Friday, February 08, 2008

"Welcome Home Roscoe Jenkins" -- 1/2*

If you're black and love being pandered to, then "Welcome Home Roscoe Jenkins" is the movie for you this weekend. Blatantly targeted at non-discerning African-American audiences, "Roscoe" is the epitome of racism, operating on the assumption that black people are stupid, and insulting its audience at every turn. There's no chance anyone involved here thought they were maiking a good movie; this was surely strictly an intended money-maker from day one. It's not only dumb and unoriginal, it's also alarmingly mean-spirited and plotless. Not once did I laugh or smile, nor did I even think about laughing or smiling. You've heard literally every joke here before, and probably from an elementary school student. At a time when it seems highly likely that we might soon have our first black president, our country really doesn't need movies like "Welcome Home Roscoe Jenkins" adding fuel to the fire of ignorant Americans.

We start off being introduced to Martin Lawrence as successful TV host, Dr. "RJ" Stevens, who's sort of a combination of Dr. Phil and Jerry Springer. Now engaged to raging cunt Bianca (Joy Bryant) and stayed away from home for years, RJ decides to head home for a weekend celebration of his parents' (James Earl Jones and Margaret Avery) 50th anniversary. Roscoe is a rich, arrogant dick and his loud, crass family is keepin' it real. That's about it for "story." The tone-deaf direction by Malcolm D. Lee can't hide the fact that there's no plot here, and nothing's really going on. The movie is mostly a series of slapdash set-pieces of things no one would every do; about 80% of the film is Roscoe saying something mean to his family members and them beating the shit out of him. Almost all the jokes are fight/beating-related and it gets real old real fast.

The timing/editing seems to be off with every gag, beginning with an awful early sequence of Roscoe speaking in foreign tongues/gibberish during an aggressive sex session. It's indicative of the movie's problems that it completely squanders literally the only thing it has going for it; the hilarious Louis C.K. shows up during the opening as RJ's bluetooth-equipped agent, but he's on screen less than 30 seconds and gets nary a funny line. About the most clever joke on display here is when we witness Roscoe and Bianca's dog wearing matching sunglasses with them. I'm not kidding; that's the joke that involves the most amount of thinking/intellect from audience members. Don't believe me? Here's some jokes "Roscoe" offers; let me know if they sound like they'd make you laugh. *SPOILER ALERT!*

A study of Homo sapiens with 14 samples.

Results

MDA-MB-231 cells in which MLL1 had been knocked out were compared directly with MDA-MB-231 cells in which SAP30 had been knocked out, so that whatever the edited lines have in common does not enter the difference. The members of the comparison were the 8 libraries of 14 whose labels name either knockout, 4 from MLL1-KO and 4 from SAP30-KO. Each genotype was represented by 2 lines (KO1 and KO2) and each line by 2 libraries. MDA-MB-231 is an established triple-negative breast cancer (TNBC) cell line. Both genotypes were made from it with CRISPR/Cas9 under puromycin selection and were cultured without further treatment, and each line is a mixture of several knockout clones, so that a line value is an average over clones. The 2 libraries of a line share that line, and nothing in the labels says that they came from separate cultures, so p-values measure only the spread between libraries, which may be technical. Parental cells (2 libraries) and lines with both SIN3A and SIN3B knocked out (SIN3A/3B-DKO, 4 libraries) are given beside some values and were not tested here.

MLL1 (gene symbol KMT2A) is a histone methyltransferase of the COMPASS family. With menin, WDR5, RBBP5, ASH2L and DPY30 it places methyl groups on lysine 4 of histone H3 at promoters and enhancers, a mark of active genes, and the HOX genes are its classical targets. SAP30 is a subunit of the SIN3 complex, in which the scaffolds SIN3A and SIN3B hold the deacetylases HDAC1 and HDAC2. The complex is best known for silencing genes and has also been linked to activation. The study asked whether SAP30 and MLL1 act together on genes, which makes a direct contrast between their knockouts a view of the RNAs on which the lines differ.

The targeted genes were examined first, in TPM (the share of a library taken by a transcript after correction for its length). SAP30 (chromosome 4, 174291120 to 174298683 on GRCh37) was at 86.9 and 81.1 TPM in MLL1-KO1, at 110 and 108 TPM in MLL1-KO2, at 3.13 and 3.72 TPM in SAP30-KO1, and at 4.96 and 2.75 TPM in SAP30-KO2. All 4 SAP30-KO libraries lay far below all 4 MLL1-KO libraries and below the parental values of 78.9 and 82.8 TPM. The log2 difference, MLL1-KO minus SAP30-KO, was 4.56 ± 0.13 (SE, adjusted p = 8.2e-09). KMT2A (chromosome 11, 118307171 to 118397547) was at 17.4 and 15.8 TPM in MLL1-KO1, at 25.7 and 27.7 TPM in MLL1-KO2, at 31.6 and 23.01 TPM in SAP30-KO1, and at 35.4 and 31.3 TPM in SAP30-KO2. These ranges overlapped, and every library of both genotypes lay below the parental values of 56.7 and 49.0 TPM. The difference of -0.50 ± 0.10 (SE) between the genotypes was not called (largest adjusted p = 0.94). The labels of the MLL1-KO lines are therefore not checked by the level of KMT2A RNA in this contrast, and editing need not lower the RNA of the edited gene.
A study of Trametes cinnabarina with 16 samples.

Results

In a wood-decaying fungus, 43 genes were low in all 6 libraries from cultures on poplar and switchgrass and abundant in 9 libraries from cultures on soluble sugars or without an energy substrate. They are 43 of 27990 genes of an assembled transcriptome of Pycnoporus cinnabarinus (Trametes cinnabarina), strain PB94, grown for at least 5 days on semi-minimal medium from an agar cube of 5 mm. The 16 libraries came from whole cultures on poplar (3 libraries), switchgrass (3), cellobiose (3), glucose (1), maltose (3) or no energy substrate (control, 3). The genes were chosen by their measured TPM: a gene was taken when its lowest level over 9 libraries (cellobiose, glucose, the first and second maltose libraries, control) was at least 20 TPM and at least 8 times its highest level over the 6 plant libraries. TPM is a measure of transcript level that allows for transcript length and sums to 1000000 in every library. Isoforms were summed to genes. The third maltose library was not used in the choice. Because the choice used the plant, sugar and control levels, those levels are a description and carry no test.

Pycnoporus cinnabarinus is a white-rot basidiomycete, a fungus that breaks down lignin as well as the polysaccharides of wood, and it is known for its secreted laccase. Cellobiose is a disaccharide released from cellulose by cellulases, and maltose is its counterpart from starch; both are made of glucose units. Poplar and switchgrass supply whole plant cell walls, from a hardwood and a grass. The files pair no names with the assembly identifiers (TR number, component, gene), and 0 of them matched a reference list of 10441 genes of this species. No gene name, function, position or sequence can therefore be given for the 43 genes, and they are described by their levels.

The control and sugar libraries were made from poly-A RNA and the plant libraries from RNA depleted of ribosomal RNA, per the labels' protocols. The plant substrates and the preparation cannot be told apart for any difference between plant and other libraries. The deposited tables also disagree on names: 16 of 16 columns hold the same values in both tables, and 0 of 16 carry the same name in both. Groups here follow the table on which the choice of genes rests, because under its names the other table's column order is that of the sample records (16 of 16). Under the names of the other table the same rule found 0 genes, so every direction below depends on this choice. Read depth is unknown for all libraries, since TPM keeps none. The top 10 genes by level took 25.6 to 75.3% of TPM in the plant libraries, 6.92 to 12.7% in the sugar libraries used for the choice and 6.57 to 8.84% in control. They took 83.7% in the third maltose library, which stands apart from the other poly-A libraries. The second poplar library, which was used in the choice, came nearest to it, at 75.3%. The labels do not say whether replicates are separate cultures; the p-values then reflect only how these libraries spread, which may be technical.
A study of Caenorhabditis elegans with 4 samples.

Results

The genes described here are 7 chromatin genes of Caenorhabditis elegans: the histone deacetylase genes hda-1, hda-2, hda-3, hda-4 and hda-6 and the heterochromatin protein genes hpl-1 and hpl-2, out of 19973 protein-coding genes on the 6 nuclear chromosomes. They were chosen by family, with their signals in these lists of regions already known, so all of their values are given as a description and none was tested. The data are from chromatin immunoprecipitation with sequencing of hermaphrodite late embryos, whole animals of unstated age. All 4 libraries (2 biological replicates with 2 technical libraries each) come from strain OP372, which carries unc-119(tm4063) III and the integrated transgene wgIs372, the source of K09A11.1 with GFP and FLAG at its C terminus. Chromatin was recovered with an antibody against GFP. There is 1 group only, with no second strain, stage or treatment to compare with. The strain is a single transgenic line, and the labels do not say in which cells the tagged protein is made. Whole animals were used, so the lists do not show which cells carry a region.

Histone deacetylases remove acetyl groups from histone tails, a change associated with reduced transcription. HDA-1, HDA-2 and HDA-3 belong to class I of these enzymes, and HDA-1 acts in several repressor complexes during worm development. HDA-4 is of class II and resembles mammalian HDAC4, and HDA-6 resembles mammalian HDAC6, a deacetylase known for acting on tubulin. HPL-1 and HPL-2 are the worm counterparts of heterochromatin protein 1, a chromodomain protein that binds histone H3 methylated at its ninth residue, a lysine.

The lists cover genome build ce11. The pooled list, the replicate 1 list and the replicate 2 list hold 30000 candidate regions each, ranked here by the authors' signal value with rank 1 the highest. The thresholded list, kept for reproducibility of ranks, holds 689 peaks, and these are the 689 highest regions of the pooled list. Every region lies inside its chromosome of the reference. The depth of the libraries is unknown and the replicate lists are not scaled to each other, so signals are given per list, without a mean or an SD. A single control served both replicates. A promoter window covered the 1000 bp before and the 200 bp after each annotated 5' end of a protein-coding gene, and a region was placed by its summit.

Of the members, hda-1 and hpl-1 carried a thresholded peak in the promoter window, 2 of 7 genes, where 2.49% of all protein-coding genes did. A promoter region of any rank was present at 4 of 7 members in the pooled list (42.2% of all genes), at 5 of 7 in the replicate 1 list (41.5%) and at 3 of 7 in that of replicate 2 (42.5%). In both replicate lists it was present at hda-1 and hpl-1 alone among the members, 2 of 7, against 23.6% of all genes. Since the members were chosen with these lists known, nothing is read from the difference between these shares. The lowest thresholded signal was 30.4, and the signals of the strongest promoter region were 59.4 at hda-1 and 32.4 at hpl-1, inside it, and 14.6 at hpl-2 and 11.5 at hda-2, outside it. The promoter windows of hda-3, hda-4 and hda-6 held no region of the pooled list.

- Roscoe wears an all-white outfit onto the plane and orders a glass of wine. He spills it all over himself.
- After staining his ensemble, he must wear an embarrassing pair of plaid golf pants.
- A big dog and a little dog have sex repeatedly.
- A skunk sneaks into the house and crawls into Roscoe's bed. He screams "Oh dayum!" and it sprays him in the face.
-During a softball game, Roscoe hits his mother in the head with the ball.
-During an extended kitchen-set fight sequence, everyone int he family gets splattered with food.

Martin has never really made a good movie, so I doubt many had high expectations for this one (himself included). That said, he's more irritating than usual here, with a higher dose of his trademark arrogance, but no one really fares well in this large cast. Cedric the Entertainer plays his usual mush-mouthed swagger as cousin/car-dealer Clyde, infusing the character with stupid random quirks to compensate for the script's inanity (he makes his entrance by slow-motion dancing out of his car, the way nobody does).

The often-funny Mo'Nique is mostly just mocked for being fat here, and she rambles on with "comic" rants that seem to go on forever. Mike Epps is his typical annoying stereotype-bolstering self, while the usually classy James Earl Jones' dad character only exists to keep saying shit like "Remember son, family is important" in the movie's frequent moments of forced sentiment. Michael Clarke Duncan is the only ensemble member who saves face by simply not making a strong impression. It's fine that he's made the transition from Oscar nominee to low-brow comic actor, but he should know better to stick with Will Ferrell rather than Martin Lawrence.

I'm glad there are movies out there targeting predominantly black audiences; we all need our communal movie-going experiences. Say what you will about Tyler Perry-- and I've said a lot-- but at least he has a sense of comedic timing and treats his characters (and occasionally, his audiences) with respect. "Welcome Home Roscoe Jenkins" is so unbearably familiar, pandering and insulting that everyone within its target audience should be offended. About 87 minutes in, Mamma Jenkins says "This is just a mess." Amen, Mamma, Amen.